Edit (2/19/09): I'm getting conflicting answers on whether or not I need to create an ad-hoc provisioning profile to debug my app. If I don't need to create an ad-hoc provisioning profile, what else do I have to do to debug my app, other than having my development provisioning profile and certificate for myself?


Edit (2/20/09): This link, iPhone Development Guide: Preparing Devices for Development, seems to say that you do need a development provisioning profile for debugging on a device. In my last edit, I mentioned that I was getting conflicting answers on whether or not I need to create an ad-hoc provisioning profile. The answers are not conflicting, I just didn't understand the difference between an ad-hoc provisioning profile and a development provisioning profile.




Any time you're writing software to be installed on an iPhone, you need two things: a key and a provisioning profile. The key identifies the person who developed the application; it stays on your computer and is used to sign the apps you build. The profile identifies which devices are allowed to run applications signed by a given key; it needs to be installed onto the device.

Distribution keys are basically one per company, and are only meant to be used when you are building a version of an app that's intended to be distributed outside your development team. (App Store builds must be signed with a distribution key.) Development keys are intended to be one per developer, but are only meant to be used when actively developing an app.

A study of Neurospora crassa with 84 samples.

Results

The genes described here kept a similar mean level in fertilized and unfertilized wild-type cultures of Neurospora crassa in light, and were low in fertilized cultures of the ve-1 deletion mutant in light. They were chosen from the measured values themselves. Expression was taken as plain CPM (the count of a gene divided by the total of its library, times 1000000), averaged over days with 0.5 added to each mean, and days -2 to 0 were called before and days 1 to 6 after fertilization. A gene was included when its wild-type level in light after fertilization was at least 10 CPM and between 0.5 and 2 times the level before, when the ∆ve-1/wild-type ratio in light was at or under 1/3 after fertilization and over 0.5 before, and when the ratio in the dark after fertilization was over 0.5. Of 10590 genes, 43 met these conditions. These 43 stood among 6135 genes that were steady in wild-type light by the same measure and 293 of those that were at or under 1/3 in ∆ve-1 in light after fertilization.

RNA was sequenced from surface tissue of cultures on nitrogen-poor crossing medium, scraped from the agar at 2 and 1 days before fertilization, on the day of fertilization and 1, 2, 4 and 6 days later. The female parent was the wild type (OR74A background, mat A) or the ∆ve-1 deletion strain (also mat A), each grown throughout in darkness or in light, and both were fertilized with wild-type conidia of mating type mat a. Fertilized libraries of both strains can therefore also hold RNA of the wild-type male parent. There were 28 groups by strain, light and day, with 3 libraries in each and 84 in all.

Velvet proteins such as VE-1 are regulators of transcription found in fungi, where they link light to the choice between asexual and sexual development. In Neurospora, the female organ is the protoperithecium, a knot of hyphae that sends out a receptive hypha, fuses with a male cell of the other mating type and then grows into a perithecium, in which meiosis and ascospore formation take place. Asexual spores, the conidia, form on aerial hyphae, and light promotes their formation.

(If you are an individual developer, of course, you have only one developer key and one distribution key. On my machine, I've set up Keychain to require a password for the distribution key, so even if somebody steals my laptop they can't release an update to one of my apps that compromises user security. The developer key, which can only install software onto my personal phone, is not passworded.)

When you're testing on your own personal device and installing through Xcode, you need a development provisioning profile and a development key. This development profile should be installed into Xcode, which will then install it onto your phone.

When you're distributing to a small number of others (for example, for beta testing, or if you wrote an app that's specialized for a specific customer), you need an ad-hoc profile and a distribution key. You'll need to send the ad-hoc profile to the user along with the app. The user can then drop both the profile and app into iTunes and sync their phone to install.

When you're distributing through the App Store, you need an App Store profile and a distribution key. Builds made in this way cannot be run on any device you control, but Apple's submission tools require them to be built using this profile.

So to answer your question: You need to provision your device, but it has to be a development provisioning profile, not an ad-hoc profile.


See the first post on this blog for more.